Prepublication Reviews and Expertly Selected Title Lists

The $60,000 Dog by Lauren Slater

I am very open about my lack of affection for nonfiction, unless it involves humor, true crime, celebrities, or dogs. Lauren Slater’s The $60,000 Dog is more than a dog-themed nonfiction book; it’s a true in depth analysis of how animals, all animals, play a part in shaping our lives.

The summer when Slater was nine and living in the “Golden Ghetto,” a Jewish suburb, she found refuge from her angry and depressed mother by riding her bike to the country. There she discovered all kinds of animals, including cows, foxes, and dragonflies. It’s the forest where she feels herself waking up for the first time; where she feels like she’s discovering her true self.

One day she finds an egg and takes it home, finding a rare bond with her mother over the delicate item. As she waits for it to hatch, school starts and she no longer has the freedom to visit the forest. The waiting stretches on for months, and it’s during this particularly anxious time in Slater’s life where she sees the true downturn her mother has taken (a particularly devastating scene for me sealed my unwavering dislike of her mother). The revelation that the egg was a dud and would never have hatched doesn’t deter Slater from exploring her curiosity about animals over the years.

Slater goes through more chunks of her life that involved animals, including a summer at a horse camp and the pet raccoon she rescues after moving into a foster home. However, for me, the true meat of the book really came when she started discussing her two dogs, Lila and Musashi. Lila is old and blind, and her husband, someone who isn’t necessarily an animal lover, is quick to point out that between vet bills and medicine, they’ve shelled out around $60,000. The number doesn’t matter to Slater, as she digs deep into the philosophical questions of why humans keep pets and how important they are in the evolution of humanity.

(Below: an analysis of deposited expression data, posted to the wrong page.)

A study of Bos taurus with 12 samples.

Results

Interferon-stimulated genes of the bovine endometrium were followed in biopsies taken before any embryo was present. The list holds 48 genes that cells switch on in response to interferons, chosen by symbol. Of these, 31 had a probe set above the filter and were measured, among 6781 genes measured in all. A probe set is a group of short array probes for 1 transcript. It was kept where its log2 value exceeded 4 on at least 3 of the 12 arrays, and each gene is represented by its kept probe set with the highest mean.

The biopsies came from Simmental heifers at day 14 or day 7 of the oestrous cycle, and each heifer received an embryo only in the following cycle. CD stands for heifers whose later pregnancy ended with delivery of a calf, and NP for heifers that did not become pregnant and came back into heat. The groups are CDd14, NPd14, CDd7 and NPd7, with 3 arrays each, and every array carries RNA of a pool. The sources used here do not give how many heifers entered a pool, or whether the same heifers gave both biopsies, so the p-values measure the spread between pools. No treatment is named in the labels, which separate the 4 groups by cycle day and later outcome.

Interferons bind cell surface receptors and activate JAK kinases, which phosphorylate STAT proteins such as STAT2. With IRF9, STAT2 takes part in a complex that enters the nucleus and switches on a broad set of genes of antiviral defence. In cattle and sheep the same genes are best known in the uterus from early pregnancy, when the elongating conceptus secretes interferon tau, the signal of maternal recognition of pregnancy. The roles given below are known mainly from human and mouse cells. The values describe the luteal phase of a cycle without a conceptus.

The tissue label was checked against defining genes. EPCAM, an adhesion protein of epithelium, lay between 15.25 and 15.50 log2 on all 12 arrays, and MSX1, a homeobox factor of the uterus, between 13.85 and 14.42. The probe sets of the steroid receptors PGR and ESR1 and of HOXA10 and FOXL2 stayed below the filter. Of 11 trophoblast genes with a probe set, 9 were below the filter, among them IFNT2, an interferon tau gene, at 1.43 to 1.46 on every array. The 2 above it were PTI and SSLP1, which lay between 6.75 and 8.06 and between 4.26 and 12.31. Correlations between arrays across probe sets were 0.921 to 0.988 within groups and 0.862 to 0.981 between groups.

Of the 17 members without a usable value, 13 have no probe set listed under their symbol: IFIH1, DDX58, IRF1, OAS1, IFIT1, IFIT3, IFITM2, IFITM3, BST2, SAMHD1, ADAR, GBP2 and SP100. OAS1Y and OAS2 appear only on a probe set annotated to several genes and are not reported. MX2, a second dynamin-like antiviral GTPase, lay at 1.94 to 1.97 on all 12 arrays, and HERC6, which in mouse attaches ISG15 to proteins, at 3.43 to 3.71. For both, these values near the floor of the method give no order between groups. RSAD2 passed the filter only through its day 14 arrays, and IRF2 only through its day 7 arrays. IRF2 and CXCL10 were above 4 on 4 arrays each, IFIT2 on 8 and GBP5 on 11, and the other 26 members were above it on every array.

I won’t lie—I picked up this book expecting a fun little read about how much money a person can spend on their pets when they’re a self-professed animal lover. That definitely is NOT what The $60,000 Dog is; it’s so much more. It is by far one of the most beautifully and philosophically written nonfiction pieces I’ve read in a long time. Slater is a psychologist, and she clearly has a grasp on human nature and how it connects and molds with the animal kingdom.

It would be easy to say this book should be on your shelves for animal lovers, and that’s true. But it should also be there for readers who are looking for something deep and meaningful on life and how everything in nature connects us together. I don’t think anyone can walk away from this book unchanged.